This curriculum is written with a decidedly Christian bias. It seeks to dig as far back into history as we could possibly go to trace God’s hand in the establishment of our country.
Over the last 15 years, Lynette has been teaching Canadian History from a Christian perspective, first, to the Homeschool Co-op she belonged to in South Ottawa, and then to other Christian Homeschoolers from Southern Ontario.
Canadian History with New Eyes
Canadian History With New Eyes is a ‘story-based’ History curriculum. It links our history to the marble frieze mounted over the left doorway of the House of Commons.
Covering 200 years of history, this frieze shows King Francis I of France on the left, and King Louis XIV on the right.
It uncovers the stories of the French Protestants (Huguenots) who invested their lives and resources to establish the first colonies in the Atlantic Provinces (Acadia), Quebec and Ontario (New France).
It exposes the reason why this marble frieze represents stories of the persecution of the Huguenots, which started under Francis I and continued under all but one king.
Under Henry IV, not only did the Huguenots gain lasting freedom of worship (which ended after he died), but the freedom to travel and invest in trade. Canada was forged out of the fires of persecution.
In God’s Providence, the Huguenots had a small window of opportunity for 12 years, which gave them freedom to engage in trade in the New World. Their stories are bound up in that frieze which is found over the left doorway of the House of Commons, and displays two figures – King Francis I of France, and King Louis XIV of France.
This Canadian History program is the first of its kind. It is told by telling STORIES through video lessons.
In order to trace God’s hand in the settling of Acadia and New France (Atlantic Provinces , Quebec and Ontario) by the Huguenots, we needed to dig further back into the 1500’s to France and the Reformation.
That allowed us to examine the root of the Settlers relations with the Natives from the beginning, and to trace the changes in relationships between the Natives and the new settlers before the British came on the scene. This is the only way we can understand the Native issues objectively.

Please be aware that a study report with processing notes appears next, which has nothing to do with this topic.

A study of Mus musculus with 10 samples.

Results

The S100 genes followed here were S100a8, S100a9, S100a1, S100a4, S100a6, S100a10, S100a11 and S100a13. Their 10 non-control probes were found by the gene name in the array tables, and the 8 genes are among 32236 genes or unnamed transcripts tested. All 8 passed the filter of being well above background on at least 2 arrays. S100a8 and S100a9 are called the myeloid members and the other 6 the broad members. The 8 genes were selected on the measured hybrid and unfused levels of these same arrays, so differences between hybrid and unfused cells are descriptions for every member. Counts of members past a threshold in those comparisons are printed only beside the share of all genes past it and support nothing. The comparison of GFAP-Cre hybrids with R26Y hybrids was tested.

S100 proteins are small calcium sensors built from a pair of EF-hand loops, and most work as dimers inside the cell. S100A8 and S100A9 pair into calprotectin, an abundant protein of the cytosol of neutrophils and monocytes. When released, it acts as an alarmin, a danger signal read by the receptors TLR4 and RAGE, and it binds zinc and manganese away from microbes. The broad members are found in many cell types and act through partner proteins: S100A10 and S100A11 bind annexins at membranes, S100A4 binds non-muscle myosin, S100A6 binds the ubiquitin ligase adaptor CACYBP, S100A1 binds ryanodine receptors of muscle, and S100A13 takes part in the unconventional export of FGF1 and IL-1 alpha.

Our course: Canadian History… with New Eyes Part 1 consists of 6 Modules. You can access the course by clicking HERE
Our mission is to Educate, Equip and Empower you to make an impact on the Kingdom in the sphere God has ordained for you.
You can only do so by discovering tomorrow’s future from yesterday’s past.
TEACHERS… here is a resource which you can use to teach about our Christian heritage in Canada. All of the information found in the book of the same name, is presented in slide form for classroom use. Get your copy here.
When we look back at history, we see a strong Christian ethos in 1867 when the Fathers of Confederation chose Psalm 72:8 as our national motto: He shall have Dominion also from sea to sea.
With the advent of World War I and the destruction of the Centre Block by fire in 1916, the country relied on God to help them through the crisis.
Many of our teenagers were sent off to war, some of them never to return. They died because they believed in stopping the forces of evil which were sweeping through Europe, so that we could enjoy the liberties that we now enjoy.
When John A Pearson rebuilt the Centre Block by 1920, and the Peace Tower as a memorial to the soldiers lost to WW1 by 1927, Scriptures used in it which acknowledged God as our helper, saw no protests in the street. There was no ‘cancel culture’.
In the Peace Tower, God was recognized as the One Who gives victory; Who loves and promotes the values of justice, righteousness and peace; Who makes wars to cease; Who is good; and Who is a stronghold in the day of trouble.
The plethora of Scripture verses used to memorialize the bravery of the men who gave their lives for our freedom, points to a more Christian society.
By 1960 our then Prime Minister, John Diefenbaker – a Christian, sought to enshrine civil protections in a Canadian Bill of Rights which was the forerunner to our Canadian Bill of Rights. This law, still applies today, but only to Federal Law.
The preamble affirmed that:
- The CANADIAN NATION was founded on the principles that acknowledge the supremacy of God, the dignity and worth of the human person and the position of the family in a society of free men and free institutions.
- Men and institutions remain free only when freedom is founded upon respect for moral and spiritual values and the rule of law
- The desire was to enshrine those principles and the human rights and fundamental freedoms derived from them in a Bill of Rights…
Fast forward to 1982, when Pierre Elliot Trudeau was the Prime Minister and wanted to ‘patriate’ the Canadian Constitution (the power of which was posited in Britain) with a Charter of Rights and Freedoms.
In debates about the preamble to the Canadian Charter of Rights and Freedoms, which acknowledged that Canada was founded upon principles that recognized the supremacy of God and the rule of law, Pierre Elliot Trudeau had this to say: “I don’t think God gives a damn whether He’s in the constitution or not.”
He went on to express the view that he thought it “strange, so long after the Middle Ages that some politicians felt obliged to mention God in a constitution which is, after all, a secular and not a spiritual document.”
Mr. Trudeau’s intent was to separate politics from religion. His son Justin Trudeau, the current Prime Minister, has taken the sentiment further by excoriating Christians from the Liberal Party and depriving them of public privileges like the Summer Grants Program of 2018.